Monday, August 06, 2007

Rising to the Occasion

Last week during a grocery shopping excursion, G casually tossed a bag of "bread mix" into our trolley. My quizzical look should not have surprised him. G doesn't particularly like to cook, so why would he want to start making his own bread?

It turns out he was inspired by a story in the newsletter from the Tararua Tramping Club, about a couple who made fresh bread almost daily on their eight-week trek along Australia's Bibbulmun Track. With a bit of off-season practice, he figures we could make bread when we're out tramping next summer.
Making bread on camping trips is nothing new. As a Canadian, I grew up hearing about early traders making bannock over an open fire. I didn't give it much thought, as these were the same people who happily ate pemmican. But bannock is probably the easiest camping bread to make, since it is relatively flat and cooks in a frying pan. Most basic recipes include flour, baking powder, salt and water and/or milk.

Down in California, sourdough evolved as gold prospectors found a way to cook their bread without a fresh supply of yeast, using leftover dough to keep things moving along.Down Under, meanwhile, the locals were making their own campfire bread called damper. The simplest recipes call for just flour, water and salt. Obviously baking powder is a big help if you want the bread to rise, and self-raising flour is now used for most recipes. More elabourate versions use beer or milk, along with butter and sometimes sugar. Traditionally, damper is cooked directly in the ashes of a campfire. Ash is used to cover the top as well, so that it cooks more evenly. So yeah, the end result requires some dusting off.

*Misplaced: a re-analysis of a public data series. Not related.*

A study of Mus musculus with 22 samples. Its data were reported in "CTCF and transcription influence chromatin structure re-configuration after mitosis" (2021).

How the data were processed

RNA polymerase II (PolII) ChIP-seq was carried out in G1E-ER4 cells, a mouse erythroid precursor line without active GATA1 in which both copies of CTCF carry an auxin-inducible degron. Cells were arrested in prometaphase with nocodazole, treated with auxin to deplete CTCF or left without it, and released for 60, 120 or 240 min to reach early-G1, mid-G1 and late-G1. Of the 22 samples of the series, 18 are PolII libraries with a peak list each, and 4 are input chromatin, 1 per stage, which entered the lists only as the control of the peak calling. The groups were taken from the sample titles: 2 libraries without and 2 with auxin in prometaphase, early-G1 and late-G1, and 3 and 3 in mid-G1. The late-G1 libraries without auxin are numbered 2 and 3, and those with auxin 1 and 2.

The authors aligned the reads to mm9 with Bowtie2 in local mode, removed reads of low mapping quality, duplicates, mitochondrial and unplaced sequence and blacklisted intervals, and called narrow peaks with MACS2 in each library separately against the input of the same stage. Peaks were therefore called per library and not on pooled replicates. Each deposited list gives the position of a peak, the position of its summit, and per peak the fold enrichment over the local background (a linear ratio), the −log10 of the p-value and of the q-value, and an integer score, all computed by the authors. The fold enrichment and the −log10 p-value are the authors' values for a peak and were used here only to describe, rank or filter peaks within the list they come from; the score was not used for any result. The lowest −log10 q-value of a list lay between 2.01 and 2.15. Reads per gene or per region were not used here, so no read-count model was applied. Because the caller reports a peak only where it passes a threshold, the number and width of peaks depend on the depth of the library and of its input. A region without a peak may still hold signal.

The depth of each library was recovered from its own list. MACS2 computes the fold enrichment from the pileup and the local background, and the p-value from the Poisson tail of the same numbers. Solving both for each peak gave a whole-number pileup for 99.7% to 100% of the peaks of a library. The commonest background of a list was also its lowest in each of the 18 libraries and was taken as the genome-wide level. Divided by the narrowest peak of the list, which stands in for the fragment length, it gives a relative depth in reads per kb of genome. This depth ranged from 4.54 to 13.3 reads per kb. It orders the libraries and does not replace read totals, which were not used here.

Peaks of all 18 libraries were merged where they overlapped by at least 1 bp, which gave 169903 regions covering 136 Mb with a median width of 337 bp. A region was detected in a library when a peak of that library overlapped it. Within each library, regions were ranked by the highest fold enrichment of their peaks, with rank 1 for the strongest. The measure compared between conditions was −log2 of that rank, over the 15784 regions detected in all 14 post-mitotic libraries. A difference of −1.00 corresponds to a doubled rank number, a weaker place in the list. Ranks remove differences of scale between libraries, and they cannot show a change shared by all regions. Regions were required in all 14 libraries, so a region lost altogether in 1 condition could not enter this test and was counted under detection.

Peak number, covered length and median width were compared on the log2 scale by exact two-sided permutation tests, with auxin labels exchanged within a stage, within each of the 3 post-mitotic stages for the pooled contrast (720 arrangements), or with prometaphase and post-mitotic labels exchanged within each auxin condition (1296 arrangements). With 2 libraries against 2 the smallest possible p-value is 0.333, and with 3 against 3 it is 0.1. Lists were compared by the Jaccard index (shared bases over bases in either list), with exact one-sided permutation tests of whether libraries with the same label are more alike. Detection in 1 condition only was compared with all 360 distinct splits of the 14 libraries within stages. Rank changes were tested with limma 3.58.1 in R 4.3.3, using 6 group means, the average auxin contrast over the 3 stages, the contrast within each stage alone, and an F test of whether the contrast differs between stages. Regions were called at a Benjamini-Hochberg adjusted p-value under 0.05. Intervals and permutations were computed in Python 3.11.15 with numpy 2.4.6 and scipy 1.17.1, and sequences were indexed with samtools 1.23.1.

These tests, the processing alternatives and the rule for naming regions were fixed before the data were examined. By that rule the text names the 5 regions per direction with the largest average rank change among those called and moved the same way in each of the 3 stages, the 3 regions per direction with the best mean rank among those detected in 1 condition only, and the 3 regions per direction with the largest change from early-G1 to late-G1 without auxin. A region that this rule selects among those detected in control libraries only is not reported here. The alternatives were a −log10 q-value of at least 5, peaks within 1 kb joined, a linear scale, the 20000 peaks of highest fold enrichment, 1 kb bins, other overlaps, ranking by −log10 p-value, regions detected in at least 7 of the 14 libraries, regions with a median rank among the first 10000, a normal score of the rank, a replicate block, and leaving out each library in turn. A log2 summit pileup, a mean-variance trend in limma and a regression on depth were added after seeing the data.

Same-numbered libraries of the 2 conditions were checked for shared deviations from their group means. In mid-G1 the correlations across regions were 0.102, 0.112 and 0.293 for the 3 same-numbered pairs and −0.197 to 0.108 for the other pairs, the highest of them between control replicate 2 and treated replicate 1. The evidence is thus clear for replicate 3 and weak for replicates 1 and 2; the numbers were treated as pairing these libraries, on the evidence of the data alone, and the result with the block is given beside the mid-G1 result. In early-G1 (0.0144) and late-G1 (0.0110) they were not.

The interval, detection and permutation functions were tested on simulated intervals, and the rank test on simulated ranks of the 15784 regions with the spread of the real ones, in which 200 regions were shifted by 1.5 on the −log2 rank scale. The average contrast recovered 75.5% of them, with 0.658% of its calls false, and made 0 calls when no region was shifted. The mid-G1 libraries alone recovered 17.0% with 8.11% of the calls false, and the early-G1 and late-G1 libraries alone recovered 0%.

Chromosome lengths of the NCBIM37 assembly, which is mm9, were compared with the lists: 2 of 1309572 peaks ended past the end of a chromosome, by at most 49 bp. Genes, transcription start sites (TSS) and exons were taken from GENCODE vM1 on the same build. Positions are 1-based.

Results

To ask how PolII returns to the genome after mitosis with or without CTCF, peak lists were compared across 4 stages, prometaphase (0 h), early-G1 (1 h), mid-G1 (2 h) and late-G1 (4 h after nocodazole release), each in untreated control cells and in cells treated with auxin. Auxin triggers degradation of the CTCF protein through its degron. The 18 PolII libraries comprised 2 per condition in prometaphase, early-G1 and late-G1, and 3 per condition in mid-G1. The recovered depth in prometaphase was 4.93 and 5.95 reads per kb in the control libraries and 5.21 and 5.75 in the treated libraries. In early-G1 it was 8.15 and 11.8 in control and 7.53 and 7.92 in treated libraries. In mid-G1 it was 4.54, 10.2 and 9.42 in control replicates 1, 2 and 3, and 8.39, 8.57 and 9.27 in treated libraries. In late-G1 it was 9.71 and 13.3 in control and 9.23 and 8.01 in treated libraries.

Of all the recipes I've seen, though, the one this Bibbulmun-walking couple used on their trek definitely takes the longest! They would mix up their dough using pre-made bread mix (for breadmakers) and yeast in the evening, throw it into a stuff sack, and keep it in a sleeping back with them overnight! Then they would re-knead in the morning, put it back into the stuff sack, and carry it in a pot until lunchtime. They cooked it on a rack inside their pot over their stove, with the flame as low as possible. I guess they must have liked the results if they did this daily!

Fresh bread is definitely a nice treat when you're camping, especially if you're on a long trip. It breaks up the monotony of rice and noodles, and it can perk up an otherwise bleak day. It does seem like a lot of work though. I think personally I'd go with the self-raising option, but if G wants to haul around bread mix and yeast, well, I won't say no to eating the results!


Frank and Sue said...

Great post Michelle and a very enjoyable read. I loved the pics of the bread...yum!!! Would just be worried about the additional weight of the dry ingredients but would be fun on a short one to two dayer.
When we base camp we often make damper, with butter and jam....excellent

Scythian said...

Nothing like the smell of fresh bread! I bought a cezve turkish coffee 'pot' today which should be ideal on my msr pocket rocket. Fresh bread would go well with fresh coffee... *muses...*

dharma bum said...

Interesting post! It may be slightly bannock-like, but a Minnesota company called Cache Lake makes some delicious and super easy frying pan breads. They've become a staple on canoe trips for us.